Everyone gets criticism, everyone handles it differently.

Imagine a piano with its wonderful 88 keys. Comparatively speaking, our tolerance of criticism is often at Middle C – on a scale from the most debilitating reaction and fear (the lower octaves) to being welcomed and encouraged (the higher octaves).

“Don’t take this the wrong way but…”

“If I can offer some constructive criticism…”

“Can I give you some advice for next time?”

As soon as someone utters those words, our bodies tense up, we mentally prepare for something unpleasant and their words are then lost as we don’t actually hear what is being said.  All we hear is that little voice in our heads that tells us we weren’t good enough.

Many people when given criticism just say thank you and move on, if not a little irritated for a while. But what if you are in a position where the fear of criticism has become so debilitating that you can’t even speak to your boss incase they dare to criticise you? What if you have to avoid working with others incase anyone dare offer an opinion on your work that would remotely resemble criticism? That’s hardly helpful in the workplace and will seriously affect your ability to do your job.

Norman Vincent Peale, author of The Power of Positive Thinking said:

“The trouble with most of us is that we would rather be ruined by praise than saved by criticism”.

If you believe that, you have no problem. If you don’t, you should consider it.  No one got anywhere in life by surrounding themselves with ‘yes’ people or those who wouldn’t offer you criticism when you need it.  The good news is you can overcome this fear.

  1.  Accept that whatever you do – there will be a critic – to avoid criticism, say nothing, do nothing, be nothing.  This statement of anti-advice has been attributed to both the ancient Greek philosopher Aristotle and the American publisher Elbert Hubbard.  Only by doing nothing in life will you avoid criticism.  Is that what you want? No. So remember the 2 sides of the coin – praise and criticism – you must accept both equally.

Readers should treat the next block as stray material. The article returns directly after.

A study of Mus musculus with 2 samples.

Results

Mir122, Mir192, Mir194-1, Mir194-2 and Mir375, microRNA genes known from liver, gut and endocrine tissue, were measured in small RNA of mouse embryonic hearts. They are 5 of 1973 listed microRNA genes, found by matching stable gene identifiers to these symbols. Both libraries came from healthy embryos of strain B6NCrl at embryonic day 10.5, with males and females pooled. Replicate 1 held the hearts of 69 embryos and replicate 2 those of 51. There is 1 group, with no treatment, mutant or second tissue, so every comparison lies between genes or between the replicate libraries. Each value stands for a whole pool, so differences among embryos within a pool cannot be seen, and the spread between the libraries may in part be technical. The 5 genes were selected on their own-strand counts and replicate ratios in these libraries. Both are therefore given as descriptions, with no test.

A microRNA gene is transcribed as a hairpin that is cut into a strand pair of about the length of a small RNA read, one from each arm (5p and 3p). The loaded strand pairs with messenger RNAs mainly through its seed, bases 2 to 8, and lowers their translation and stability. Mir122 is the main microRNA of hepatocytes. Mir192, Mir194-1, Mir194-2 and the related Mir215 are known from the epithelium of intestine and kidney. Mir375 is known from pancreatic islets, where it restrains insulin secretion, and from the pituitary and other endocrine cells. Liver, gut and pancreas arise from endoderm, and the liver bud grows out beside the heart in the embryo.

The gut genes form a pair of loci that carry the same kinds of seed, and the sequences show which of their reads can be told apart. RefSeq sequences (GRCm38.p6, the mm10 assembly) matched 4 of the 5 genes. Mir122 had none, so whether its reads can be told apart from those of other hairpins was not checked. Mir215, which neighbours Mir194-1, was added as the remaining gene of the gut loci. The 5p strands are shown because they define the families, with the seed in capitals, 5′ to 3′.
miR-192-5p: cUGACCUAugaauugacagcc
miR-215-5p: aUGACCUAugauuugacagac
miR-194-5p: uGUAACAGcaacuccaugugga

2.  Don’t avoid it – you have accepted you will be criticised for something, anything, don’t avoid it.  Avoidance is such a destructive path that you will only fulfil a fraction of your potential and you will certainly not grow as a person.  Don’t hold back on your talent or your goals, whatever they may be.
  3. Keep the criticism in balance – who is offering the criticism? Did you let them? Does their opinion matter? Do they actually have anything constructive to offer – you should be very clear on who gets to offer this to you.  Some you will accept – your boss for example, your friends, your family.  Others – dismiss them.  You know who has something to offer from a place of support.
  4. Remember criticism for what it is – mostly it isn’t supposed to be personal.  Most people will not offer criticism because they want to offend you.  It usually comes from those trying to be helpful and aimed at your work or your behaviour.  The delivery might be poor from some but think about what they are offering and try to separate the criticism from a personal attack.
  5. Take it or leave it – criticism will help you grow.  No doubt about that.  But you are in control of it once it comes your way.  Separate the important from the unimportant and use this as your next step on the road to improvement.

Remember, handling criticism the right way and controlling how you manage it should feed your career and your life, not your insecurity.